Antitrust authority in Brazil approves Perdigao-Sadia merger
Brazilian antitrust regulator Cade on Wednesday approved the merger of the country’s biggest food processors to create BRF Brasil Foods SA after imposing restrictions on the deal.
In a decision by the regulatory agency, BRF will have to get rid of or suspend about 12% of production capacity in order to create a rival that can effectively compete with the company.
But the market received the news well, with shares jumping. Analysts are saying that the company’s growth prospects won’t be significantly hurt by the restrictions.
“The solution was a good one and accomodated our needs as well as answering to the concerns of the antitrust agency,” BRF Chief Executive Jose Antonio do Prado Fay said. “The agreement shows the maturity of the process and that Brazil can handle such a large and complex merger such as ours, which is going to be common going forward.”
The current agreement came about after the regulator signaled in June it would block the merger, despite assured statements by the company that such a merger would create a “national champion” that could compete globally. The restrictions however, showed that the regulator was more interested in maintaining domestic competition than extending the reach of Brazilian companies.
The criticism that government regulators were promoting Brazilian conglomerates over domestic consumers cropped up again during merger talks between retailer Cia Brasileira de Distribuicao and France’s Carrefour, and was one of the apparent reasons that led government development bank BNDES to back out of the deal.
BRF, created in 2009 by the partial merger of Sadia SA and Perdigao SA, controls more than half of the market for most processed foods, and upwards of 80% in the case of some food items. As part of the deal, the company will sell several processing factories, slaughterhouses and poultry farms, as well as eight distribution centers and 12 minor food brands. The company will also have to suspend sales under the Perdigao brand for up to five years, in the case of frozen food items like pizzas and lasagnas, and three years for some processed pork products.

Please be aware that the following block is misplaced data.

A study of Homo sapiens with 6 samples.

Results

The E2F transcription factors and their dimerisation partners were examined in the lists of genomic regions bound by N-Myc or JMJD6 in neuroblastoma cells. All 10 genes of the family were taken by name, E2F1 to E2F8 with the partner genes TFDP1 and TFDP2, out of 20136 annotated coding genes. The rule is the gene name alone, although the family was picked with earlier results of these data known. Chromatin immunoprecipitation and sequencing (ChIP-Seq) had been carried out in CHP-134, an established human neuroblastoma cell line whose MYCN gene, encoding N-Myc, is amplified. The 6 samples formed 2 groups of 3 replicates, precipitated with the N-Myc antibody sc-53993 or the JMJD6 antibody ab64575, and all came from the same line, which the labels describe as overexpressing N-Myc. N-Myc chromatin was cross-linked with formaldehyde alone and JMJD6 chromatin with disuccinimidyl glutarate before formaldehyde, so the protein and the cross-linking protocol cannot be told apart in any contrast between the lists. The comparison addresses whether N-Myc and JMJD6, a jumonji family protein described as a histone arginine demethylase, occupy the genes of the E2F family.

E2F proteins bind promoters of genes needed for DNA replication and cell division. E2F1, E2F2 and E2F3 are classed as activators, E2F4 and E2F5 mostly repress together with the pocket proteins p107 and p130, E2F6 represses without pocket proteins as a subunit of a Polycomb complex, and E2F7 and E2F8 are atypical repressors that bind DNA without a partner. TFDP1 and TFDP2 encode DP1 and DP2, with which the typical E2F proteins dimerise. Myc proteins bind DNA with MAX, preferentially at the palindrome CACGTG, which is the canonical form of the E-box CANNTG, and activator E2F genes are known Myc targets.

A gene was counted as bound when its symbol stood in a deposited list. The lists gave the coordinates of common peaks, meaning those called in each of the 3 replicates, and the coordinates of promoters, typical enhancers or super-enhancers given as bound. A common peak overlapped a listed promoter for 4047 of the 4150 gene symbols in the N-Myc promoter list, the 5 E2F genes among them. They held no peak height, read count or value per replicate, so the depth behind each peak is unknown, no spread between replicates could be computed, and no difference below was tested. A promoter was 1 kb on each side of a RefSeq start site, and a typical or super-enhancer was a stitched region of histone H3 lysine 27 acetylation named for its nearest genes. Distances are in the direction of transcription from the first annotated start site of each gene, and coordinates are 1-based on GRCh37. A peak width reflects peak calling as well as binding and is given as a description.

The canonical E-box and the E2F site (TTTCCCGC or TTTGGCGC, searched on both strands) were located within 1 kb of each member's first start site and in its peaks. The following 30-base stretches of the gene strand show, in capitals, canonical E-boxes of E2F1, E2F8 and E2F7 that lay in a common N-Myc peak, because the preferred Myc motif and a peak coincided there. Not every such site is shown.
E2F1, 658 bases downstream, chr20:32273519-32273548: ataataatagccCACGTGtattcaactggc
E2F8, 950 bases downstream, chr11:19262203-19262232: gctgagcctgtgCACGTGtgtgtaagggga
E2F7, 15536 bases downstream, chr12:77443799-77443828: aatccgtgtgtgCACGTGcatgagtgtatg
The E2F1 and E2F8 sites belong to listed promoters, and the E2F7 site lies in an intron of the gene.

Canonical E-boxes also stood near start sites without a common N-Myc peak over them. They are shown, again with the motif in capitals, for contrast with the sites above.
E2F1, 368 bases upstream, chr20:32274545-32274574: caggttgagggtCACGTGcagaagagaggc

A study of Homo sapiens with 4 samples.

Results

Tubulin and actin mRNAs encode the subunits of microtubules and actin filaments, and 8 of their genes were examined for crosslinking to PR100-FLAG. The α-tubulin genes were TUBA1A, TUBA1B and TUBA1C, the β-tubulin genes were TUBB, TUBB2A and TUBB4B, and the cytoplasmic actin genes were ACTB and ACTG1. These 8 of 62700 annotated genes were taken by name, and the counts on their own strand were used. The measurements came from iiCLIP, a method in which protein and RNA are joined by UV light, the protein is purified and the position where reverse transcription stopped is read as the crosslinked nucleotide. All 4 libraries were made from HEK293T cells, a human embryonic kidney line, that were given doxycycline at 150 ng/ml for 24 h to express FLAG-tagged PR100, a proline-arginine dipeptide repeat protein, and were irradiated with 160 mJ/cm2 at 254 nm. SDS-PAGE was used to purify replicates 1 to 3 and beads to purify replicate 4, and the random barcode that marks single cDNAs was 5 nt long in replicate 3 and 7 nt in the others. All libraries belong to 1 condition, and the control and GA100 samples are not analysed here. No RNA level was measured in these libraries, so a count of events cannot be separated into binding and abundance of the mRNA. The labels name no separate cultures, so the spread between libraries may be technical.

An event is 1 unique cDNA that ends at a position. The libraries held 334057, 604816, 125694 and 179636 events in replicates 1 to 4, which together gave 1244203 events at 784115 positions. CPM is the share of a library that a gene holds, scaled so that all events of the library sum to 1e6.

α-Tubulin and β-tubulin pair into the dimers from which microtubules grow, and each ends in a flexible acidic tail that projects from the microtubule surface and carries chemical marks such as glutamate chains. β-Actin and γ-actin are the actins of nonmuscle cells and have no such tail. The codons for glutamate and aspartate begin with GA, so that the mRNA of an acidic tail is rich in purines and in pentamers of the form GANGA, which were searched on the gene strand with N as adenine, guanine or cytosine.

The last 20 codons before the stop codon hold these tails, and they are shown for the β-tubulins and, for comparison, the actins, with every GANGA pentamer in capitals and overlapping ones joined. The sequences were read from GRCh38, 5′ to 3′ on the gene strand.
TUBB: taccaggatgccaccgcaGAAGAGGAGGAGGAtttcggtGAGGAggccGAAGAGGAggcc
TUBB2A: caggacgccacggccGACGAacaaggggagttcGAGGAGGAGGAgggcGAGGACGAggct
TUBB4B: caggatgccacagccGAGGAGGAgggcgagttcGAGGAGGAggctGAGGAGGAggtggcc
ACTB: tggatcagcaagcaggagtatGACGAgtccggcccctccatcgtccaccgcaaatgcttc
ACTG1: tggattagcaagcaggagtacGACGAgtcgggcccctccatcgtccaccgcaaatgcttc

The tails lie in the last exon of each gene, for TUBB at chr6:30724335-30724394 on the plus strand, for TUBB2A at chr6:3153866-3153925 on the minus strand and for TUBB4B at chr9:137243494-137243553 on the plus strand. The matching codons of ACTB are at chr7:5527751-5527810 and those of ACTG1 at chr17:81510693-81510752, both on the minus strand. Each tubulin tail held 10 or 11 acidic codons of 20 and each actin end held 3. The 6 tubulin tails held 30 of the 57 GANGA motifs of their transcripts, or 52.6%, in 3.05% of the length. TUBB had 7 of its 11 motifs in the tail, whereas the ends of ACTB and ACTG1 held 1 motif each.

BRF’s assets will preferably be sold to a single buyer, Cade said, in order to create a strong competitor for BRF with an integrated and national network. The company is prohibited from selling the restricted Perdigao products under new brands, and can’t buy back the productive assets during the next 10 years.
The suspension of the brands will begin as soon as the BRF finds a buyer for them, the company said. CEO Fay said that he has no preference for a buyer other than “whomever pays the most,” even if the prospective buyer is a strong rival. The sale won’t happen this year, but could be completed by the end of 2012, Fay said.
The sale of assets and the suspension of certain brands will affect about 12% of sales volume and about 13% of net revenue, BRF said. The three-to-five-year restrictions on Perdigao will affect about one-third of the brand’s sales.
The sold-off assets brought in about BRL1.7 billion in revenue, and the suspended brands about BRL1.2 billion, but Fay said he expects to be able to make up for that lost revenue by the end of next year. The merger approval also allows the company to fully capture synergies, since the businesses no longer have to remain separate, Fay said. He expects savings to reach BRL500 million already next year.
“The suspension of the Perdigao brands was the only credible option since there was no way that we could transfer the brand” to another company, Cade board member Ricardo Ruiz said. BRF is processing 730,000 tons of food products annually. “Whomever is interested in buying will have to pay a fair price as these are good assets,” he added.
In order to ensure adequate competition levels in terms of sales, BRF has to maintain, until the sale is complete, current levels of employment, marketing investment, and market share, according to Cade.